WALLINGFORD — Town Councilor Craig Fishbein is questioning why Master’s Manna is receiving funding through a different, more streamlined process than other organizations who seek town funding.
Cheryl Trzcinski, executive director of Master’s Manna, submits data on clients served to Mayor William W. Dickinson’s office quarterly. After doing so, Trzcinski receives a check for her organization.
Rich Figlewski, owner of The Dry Dock, has to apply through the community grant program at the town’s Youth & Social Services to receive funding.
The money Master’s Manna receives is included in the mayor’s budget, and is available to Trzcinski each time she sends the data. For Figlewski and other organizations, funding from the town is not always guaranteed.
Last year, Master’s Manna, a nonprofit organization that serves the homeless and low to moderate income families, received $21,000 from the town, according to Fishbein. The Dry Dock was also made a part of the Youth and Social Services Department’s budget when the council decided to earmark $10,000 for Figlewski to use, he added.
“My question was how come we don’t handle Master’s Manna the same way?” Fishbein said. “We just give them a check and say, ‘Good luck,’ and they’re on their way.”
Dickinson said Master’s Manna is a “very different kind of program,” offering different services to individuals, such as food, clothing and transportation.
Figlewski said he doesn’t have a problem with the current process, adding he doesn’t believe it’s “unfair by any means.”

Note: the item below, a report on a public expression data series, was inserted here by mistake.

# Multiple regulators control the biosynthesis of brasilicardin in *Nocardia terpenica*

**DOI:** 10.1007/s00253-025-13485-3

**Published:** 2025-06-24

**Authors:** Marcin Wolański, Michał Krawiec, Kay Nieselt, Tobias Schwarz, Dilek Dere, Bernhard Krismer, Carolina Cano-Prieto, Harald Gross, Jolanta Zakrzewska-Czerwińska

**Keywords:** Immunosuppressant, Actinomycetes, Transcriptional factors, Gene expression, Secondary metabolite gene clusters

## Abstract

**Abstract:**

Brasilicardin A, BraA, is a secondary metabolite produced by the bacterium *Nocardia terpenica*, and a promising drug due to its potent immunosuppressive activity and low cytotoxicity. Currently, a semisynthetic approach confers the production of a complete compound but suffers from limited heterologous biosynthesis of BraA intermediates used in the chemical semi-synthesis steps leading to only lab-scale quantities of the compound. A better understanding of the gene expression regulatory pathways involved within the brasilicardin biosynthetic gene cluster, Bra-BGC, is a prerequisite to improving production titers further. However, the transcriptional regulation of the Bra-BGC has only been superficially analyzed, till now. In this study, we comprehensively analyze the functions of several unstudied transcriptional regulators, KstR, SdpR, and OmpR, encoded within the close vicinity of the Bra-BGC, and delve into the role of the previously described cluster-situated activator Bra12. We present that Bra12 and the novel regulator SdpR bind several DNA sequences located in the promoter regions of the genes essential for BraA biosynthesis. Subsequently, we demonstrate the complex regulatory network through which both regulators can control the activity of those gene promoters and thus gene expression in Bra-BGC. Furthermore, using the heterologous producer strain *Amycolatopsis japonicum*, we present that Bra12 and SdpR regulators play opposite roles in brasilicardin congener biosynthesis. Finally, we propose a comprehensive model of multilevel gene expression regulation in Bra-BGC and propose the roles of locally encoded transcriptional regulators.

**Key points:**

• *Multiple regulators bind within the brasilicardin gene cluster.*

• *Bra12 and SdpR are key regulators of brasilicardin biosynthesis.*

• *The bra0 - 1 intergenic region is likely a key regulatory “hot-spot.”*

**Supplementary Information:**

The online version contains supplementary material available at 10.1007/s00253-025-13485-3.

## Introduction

“I’m fine with the way it is,” Figlewski said.
Figlewski said he didn’t think Master’s Manna going through the same process would be beneficial.
“The scope of what they’re doing is much larger and much different than here,” Figlewski said. “There are specific things we’re doing in a specific area and we’re doing very specific things for the town. I think the scope of what we do is a little bit smaller and a little bit more streamlined in terms of what Cheryl does.”
Fishbein said he is raising the issue “to make sure there is oversight” to ensure the services provided to the community are necessary.
Master’s Manna has been receiving a check since 2010, when the council voted to do so, Fishbein said. He voted against the motion.
“I always ... want to see their budget and what the money is used for and what the impact will be if the entity doesn’t get that money,” he said. “I don’t think the representations that were made satisfied me.”
Master’s Manna was added to the town budget, Turner said, “primarily because in essence they were seen as replacing the Red Cross delivery of services, which shut down.” When the local Red Cross branch closed in 2009, Master’s Manna took over its food pantry and transportation services.
Trzcinski said her organization serves about 13,000 people.
“It probably surpasses a lot of the other agencies and groups in Wallingford,” Trzcinski said. “We serve them on a weekly and monthly basis.”